Over the last week, Creative Commons Aotearoa New Zealand has been running free ‘CC in Schools’ workshops across the country. Later in the week, we’ll post slides, audio and summaries of each of the speakers, as well as the issues raised in the lively Q&As that followed.
With support from InternetNZ, these workshops talked about how a growing number of New Zealand schools are using CC licensing to share their teaching resources. Resource sharing, of course, isn’t new: everyday, teachers share countless resources across a range of vibrant professional networks, from the VLN to subject-area email lists. For the most part, though, resource sharing among teachers is necessarily informal. It often takes place in the form of email attachments, without licensing or metadata attached.
This means that other teachers, who may be new to the profession — or who may simply not be part of that specific conversation or network – tend to miss out. They may, as a result, end up having to reinvent that resource later on, which gives them less time for the many, many other things teachers have do.
It would be nice, then, if New Zealand had a central, searchable repository of properly labelled and openly licensed teacher-made resources. (If you’re not sure we need such a repository, check out the site visits at Nayland College’s excellent Maths portal (soon to be CC-licensed!) – it’s had over 1.28 million).
The good news is that the Network for Learning portal looks set to help meet this demand. While the portal is still in beta, it has the capacity to allow teachers to find and reuse free and open resources from the entire New Zealand teaching community. This would mean that teachers, including those new to teaching, could spend less time reinventing the wheel, and more time adapting quality resources for their individual classrooms.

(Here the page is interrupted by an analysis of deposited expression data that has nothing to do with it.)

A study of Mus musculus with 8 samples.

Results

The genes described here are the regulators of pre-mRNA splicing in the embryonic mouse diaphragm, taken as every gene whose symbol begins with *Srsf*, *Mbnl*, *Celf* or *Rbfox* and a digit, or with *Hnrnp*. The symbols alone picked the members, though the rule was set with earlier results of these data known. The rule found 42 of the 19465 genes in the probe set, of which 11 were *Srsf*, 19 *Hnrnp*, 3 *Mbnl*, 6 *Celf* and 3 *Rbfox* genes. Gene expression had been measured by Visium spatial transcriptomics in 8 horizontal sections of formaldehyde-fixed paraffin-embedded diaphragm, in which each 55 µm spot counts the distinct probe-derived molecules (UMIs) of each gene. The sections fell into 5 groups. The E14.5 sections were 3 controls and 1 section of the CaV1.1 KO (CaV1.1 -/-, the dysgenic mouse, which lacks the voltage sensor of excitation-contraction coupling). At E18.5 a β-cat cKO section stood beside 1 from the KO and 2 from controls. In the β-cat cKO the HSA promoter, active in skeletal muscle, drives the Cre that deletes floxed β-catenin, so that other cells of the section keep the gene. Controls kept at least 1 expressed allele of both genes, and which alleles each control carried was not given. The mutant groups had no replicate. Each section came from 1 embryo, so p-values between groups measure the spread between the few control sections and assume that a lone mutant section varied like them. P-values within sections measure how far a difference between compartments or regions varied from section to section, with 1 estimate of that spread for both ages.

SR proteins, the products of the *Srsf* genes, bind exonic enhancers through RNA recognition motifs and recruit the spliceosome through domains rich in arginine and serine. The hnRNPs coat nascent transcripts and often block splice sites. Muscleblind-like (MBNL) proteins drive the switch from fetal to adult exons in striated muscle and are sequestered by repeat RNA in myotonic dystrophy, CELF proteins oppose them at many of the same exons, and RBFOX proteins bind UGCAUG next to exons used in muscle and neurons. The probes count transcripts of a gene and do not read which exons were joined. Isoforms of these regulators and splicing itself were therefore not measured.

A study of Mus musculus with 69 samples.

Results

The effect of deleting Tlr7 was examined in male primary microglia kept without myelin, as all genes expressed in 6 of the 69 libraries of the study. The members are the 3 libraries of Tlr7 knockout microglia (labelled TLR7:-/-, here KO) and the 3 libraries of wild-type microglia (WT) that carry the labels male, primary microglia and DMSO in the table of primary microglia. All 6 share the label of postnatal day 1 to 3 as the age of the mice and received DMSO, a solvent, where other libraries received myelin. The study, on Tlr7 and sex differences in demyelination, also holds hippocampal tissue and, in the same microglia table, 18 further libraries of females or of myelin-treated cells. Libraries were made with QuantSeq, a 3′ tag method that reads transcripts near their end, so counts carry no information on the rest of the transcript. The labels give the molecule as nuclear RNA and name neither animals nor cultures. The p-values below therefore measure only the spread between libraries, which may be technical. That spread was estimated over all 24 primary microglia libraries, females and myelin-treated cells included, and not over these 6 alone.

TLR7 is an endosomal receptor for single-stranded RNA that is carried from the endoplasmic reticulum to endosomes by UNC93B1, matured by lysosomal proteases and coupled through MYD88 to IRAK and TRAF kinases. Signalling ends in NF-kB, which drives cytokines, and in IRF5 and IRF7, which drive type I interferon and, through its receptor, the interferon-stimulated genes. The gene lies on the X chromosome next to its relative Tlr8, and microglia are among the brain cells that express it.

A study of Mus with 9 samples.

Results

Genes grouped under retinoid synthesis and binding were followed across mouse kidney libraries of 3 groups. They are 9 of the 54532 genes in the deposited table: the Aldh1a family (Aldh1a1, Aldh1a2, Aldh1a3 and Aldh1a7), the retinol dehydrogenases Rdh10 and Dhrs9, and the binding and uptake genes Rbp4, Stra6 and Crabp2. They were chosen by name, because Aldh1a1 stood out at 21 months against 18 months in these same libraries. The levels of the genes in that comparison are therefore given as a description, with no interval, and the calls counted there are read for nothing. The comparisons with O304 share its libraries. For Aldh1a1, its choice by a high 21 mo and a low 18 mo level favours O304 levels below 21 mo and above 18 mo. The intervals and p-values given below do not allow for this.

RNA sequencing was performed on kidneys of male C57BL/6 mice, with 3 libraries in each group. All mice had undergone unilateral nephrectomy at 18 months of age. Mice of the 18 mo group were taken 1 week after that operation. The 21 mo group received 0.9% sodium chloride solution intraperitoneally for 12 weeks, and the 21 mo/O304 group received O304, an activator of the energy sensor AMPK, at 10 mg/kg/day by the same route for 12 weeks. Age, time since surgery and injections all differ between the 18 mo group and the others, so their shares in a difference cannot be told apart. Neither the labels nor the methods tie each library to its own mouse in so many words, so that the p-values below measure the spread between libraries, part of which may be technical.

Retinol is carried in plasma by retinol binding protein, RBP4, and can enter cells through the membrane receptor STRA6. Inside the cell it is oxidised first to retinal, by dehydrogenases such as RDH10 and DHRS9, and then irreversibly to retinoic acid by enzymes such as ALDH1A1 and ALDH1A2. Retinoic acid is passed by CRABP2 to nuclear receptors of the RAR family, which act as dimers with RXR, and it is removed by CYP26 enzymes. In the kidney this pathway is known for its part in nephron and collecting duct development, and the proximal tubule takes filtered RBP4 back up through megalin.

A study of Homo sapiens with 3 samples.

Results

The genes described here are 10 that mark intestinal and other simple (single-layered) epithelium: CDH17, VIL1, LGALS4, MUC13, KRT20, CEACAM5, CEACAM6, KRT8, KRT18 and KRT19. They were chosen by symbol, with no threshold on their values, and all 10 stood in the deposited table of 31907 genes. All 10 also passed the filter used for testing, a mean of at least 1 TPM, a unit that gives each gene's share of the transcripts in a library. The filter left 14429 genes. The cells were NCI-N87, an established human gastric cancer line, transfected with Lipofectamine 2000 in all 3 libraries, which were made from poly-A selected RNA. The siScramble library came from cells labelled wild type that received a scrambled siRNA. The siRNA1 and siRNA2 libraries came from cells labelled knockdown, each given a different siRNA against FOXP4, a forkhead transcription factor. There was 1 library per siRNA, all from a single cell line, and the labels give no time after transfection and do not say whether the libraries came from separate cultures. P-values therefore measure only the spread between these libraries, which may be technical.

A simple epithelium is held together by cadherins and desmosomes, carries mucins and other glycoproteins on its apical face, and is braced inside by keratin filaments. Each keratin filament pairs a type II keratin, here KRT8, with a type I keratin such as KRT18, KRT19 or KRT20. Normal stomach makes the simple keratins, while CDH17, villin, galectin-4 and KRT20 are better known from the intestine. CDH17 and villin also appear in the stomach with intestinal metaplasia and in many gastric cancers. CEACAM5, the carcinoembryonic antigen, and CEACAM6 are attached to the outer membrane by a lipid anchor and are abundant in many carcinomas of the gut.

So far, so good. But the barriers to sharing resources are not only technical – they’re legal. Under section 21 of the New Zealand Copyright Act 1994, where an employee makes copyright works “in the course of his or her employment […] that person’s employer is the first owner of any copyright in the work.”
What to do? The solution for many New Zealand schools is a Creative Commons IP policy, approved by a school’s BoT. This policy gives teachers permission in advance to share resources under an open Creative Commons licence. This means that teachers can legally make the most of online resource sharing portals, such as the Network for Learning (or Wikieducator).
Such policies are also supported by the New Zealand Government’s Open Access and Licensing framework, approved by Cabinet in 2010. This framework instructs core agencies – like the Ministry of Education – to consider using Creative Commons licences when releasing copyright works. Happily, NZGOAL also encourages Boards of Trustees to do the same.
But why use a CC licence? Simply put, an open licence gives others teachers clarity about what they can do with your work and how you wish to be credited. As Andrew Matangi – who had a big hand in writing the CC licences — pointed out in the workshops, the licences are also legally robust, which means that you don’t need to worry about issues like liability. (Andrew’s example was a malfunctioning science experiment).
Importantly, the more open CC licenses also allow the creation of ‘derivative’ works – that is to say, these licences let you adapt and improve the works. As every teacher knows, this is crucial, as even the best resources need to be tweaked or remixed for the unique challenges of individual classrooms. Simply put, digital technologies make remix easy; CC licences make remix legal.
This sounds quite legalistic, but the primary effects of a CC policy – as Stephen Lethbridge and Mark Osborne both pointed out – are cultural. Stephen and Mark’s CC policies were passed to support their schools’ desire to be collaborative, open and networked places, where teachers and students share, make and innovate.